Patients with diabetes who require insulin therapy are candidates for pancreas transplant evaluation. The Lourdes nephrology (kidney disease) team evaluates all such patients that it treats or receives as referrals for listing for kidney transplant.

Once pancreas and kidney function is confirmed and patients have completed pre-transplant evaluation, they are brought for discussion for the waiting list with the Lourdes’ multidisciplinary kidney/pancreas transplant team.   This experienced staff comprises transplant surgeons, transplant nephrologists (kidney specialists), transplant pharmacist, nurse practitioner, nurse coordinators, social workers, dietitian, financial coordinator and administrators.   The team reviews whether patients are suitable to be placed on the national waitlist and provides medical approval to patients who are appropriate for the list.

Assessment for this list may require additional testing.   In cases where a patient’s condition is likely to change, candidacy for evaluation and listing may be reconsidered at a later time.   Transplant centers vary on acceptance criteria for transplant recipients; therefore, if a patient does not meet selection criteria at a center, he or she should seek other transplant programs. Insurance coverage may impact where and if patients can be evaluated.

When the Lourdes program obtains insurance approval for the medically accepted patient who has met the  criteria for a pancreas transplant,it then places the patient on the pancreas transplant list.   The staff notifies patients by phone and by mail to confirm the official date their placement on the list.   A new allocation system for pancreas transplant broadens the criteria used by centers.

Once a patient is accepted to the transplant list, Lourdes transplant nephrologists and transplant surgeons work with coordinators at Lourdes Regional Organ Transplantation Center and the United Network of Organ Sharing (UNOS) system to match the patient with an available donor organ.   UNOS maintains a national list of organ transplant candidates.   However, finding enough donor organs for transplant candidates remains a major challenge nationwide.

Currently, the waiting time for selection from the list for kidney-pancreas transplant or pancreas transplant alone is based on blood type and how long an individual has been on the wait list.   Waiting time varies based on geographic location but is not as long as the wait time for donor kidney.

Transplant candidates may be listed at more than one transplant center, a status known as “multiple listing.”  Rules governing organ donation and listing services permit this status for patients as long as the centers that the patients are listed at are affiliated with different procurement organizations. This increases the opportunities to receive an organ.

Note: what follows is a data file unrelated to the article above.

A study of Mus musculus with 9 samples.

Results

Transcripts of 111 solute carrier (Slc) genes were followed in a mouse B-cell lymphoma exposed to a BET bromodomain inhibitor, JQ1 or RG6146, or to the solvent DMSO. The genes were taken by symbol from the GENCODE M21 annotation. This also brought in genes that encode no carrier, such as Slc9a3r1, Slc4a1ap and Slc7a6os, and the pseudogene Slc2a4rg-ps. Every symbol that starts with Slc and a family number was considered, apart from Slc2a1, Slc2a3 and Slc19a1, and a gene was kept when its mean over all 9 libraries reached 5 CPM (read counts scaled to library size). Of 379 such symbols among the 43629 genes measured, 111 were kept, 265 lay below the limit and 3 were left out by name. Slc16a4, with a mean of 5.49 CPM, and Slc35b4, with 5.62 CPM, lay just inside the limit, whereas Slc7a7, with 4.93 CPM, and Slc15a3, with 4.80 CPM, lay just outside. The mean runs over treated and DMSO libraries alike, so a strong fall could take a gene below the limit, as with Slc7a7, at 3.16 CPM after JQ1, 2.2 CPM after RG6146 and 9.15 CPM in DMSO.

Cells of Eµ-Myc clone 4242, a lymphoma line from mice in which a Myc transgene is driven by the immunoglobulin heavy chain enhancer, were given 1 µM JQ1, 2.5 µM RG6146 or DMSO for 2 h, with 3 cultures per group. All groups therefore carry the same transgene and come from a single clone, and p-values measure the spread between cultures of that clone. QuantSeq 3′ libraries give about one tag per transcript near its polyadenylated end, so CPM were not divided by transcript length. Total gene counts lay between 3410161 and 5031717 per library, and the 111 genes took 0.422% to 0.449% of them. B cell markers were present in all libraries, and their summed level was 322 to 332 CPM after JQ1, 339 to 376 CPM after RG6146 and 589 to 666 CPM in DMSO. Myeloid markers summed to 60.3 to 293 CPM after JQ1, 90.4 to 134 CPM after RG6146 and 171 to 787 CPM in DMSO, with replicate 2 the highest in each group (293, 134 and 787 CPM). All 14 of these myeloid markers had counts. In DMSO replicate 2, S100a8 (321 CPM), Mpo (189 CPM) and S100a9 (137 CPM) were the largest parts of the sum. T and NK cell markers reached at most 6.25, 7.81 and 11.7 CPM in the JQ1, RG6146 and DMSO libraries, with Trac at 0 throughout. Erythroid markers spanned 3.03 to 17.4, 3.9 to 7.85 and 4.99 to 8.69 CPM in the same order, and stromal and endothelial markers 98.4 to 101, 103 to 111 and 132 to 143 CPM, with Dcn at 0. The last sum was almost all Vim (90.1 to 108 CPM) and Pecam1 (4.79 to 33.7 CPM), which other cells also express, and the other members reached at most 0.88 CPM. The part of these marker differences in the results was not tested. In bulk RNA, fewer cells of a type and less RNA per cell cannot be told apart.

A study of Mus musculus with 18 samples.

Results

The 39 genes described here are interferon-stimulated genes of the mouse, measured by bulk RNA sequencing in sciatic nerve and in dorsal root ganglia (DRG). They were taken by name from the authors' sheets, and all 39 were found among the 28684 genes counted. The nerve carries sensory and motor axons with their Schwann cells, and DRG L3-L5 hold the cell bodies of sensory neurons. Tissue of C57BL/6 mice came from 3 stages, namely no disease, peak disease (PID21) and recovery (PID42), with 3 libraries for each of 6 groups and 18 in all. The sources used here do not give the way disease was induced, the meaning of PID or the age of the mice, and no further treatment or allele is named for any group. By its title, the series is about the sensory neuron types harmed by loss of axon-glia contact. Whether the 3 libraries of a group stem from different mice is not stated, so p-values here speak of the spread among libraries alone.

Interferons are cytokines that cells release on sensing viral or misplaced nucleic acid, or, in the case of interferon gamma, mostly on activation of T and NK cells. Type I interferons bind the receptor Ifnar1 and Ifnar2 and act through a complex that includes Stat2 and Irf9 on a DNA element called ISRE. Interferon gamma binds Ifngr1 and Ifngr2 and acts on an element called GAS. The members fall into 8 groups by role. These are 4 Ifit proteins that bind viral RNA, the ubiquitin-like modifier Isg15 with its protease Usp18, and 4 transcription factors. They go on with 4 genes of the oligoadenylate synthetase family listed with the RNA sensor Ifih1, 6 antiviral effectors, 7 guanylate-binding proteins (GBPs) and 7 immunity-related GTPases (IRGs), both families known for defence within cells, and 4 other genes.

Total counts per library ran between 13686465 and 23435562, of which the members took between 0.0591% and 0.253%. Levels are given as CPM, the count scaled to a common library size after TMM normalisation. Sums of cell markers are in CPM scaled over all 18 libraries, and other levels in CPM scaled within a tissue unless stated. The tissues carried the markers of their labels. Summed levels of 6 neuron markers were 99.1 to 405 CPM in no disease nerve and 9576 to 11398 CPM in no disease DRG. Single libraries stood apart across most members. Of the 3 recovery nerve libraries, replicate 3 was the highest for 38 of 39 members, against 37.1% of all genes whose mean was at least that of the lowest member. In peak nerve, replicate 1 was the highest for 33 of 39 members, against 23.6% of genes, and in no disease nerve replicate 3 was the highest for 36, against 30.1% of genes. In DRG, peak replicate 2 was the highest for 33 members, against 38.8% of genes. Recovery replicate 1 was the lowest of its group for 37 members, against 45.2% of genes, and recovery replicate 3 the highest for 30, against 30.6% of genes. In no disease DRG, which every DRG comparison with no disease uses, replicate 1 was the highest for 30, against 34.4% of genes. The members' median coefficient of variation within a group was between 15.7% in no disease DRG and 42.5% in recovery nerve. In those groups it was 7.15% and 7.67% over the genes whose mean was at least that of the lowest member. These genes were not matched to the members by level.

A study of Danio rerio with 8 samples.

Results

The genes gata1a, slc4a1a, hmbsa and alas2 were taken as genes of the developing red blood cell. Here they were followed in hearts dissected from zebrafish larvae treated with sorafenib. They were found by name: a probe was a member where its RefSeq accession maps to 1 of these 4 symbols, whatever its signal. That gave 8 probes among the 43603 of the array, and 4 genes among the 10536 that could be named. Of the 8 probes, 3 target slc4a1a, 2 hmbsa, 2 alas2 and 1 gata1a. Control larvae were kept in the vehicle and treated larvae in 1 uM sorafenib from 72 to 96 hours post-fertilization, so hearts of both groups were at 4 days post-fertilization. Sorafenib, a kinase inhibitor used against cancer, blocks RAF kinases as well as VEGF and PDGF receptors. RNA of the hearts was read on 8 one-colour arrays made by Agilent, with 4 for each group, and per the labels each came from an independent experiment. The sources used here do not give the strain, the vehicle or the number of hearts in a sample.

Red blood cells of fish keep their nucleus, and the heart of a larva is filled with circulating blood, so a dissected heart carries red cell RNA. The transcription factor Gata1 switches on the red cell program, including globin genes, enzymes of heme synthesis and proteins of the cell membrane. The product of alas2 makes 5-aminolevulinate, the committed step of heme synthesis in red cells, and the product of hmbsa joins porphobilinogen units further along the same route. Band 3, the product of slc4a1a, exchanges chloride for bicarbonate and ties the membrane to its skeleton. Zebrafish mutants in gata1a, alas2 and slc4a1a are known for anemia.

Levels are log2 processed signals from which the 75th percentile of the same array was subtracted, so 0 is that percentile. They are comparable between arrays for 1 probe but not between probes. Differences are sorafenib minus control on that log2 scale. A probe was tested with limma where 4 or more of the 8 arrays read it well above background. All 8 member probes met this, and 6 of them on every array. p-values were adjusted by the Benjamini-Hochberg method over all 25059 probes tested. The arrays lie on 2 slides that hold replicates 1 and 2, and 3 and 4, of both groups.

For that reason, patients can be listed with both Lourdes, which is affiliated with the Sharing Network, as well as any of the Philadelphia hospitals that provide transplant services, which are affiliated with the Gift of Life organization.   Most patients do have the ability to multi-list, however, some insurance companies may designate where patients can be listed.

For all those accepted to the list, the Lourdes team guides each individual on important care points and considerations during the waiting period:

  • The team re-evaluates patients every year while they are on the wait list.
  • Patients have blood drawn every month to test for antibodies.
  • Listed patients should ensure that the nurse coordinator can easily contact them during the waiting period and should update the coordinator on any significant changes in health status.
  • Notifications about hospitalizations, surgeries, new medications such as blood thinners, blood transfusions and relocations or changes in dialysis center should be reported promptly.
  • It is also important to notify the team of any financial changes that may affect coverage of transplant surgery and/or post-transplant medications as well as changes in insurance.

When candidates are ill or unable to report to the transplant center, it may be necessary to temporarily inactivate them on the waitlist.   This is not a penalty, as wait time continues to be accrued; it simply means that an individual is unable to undergo transplant surgery at that time.   Patients are then reactivated on the waitlist when suitable.

As many individuals are called for transplant when one organ is available, often patients are called multiple times prior to the time that they go on to actual transplant.   Patients and their family or support persons must remain flexible and on call.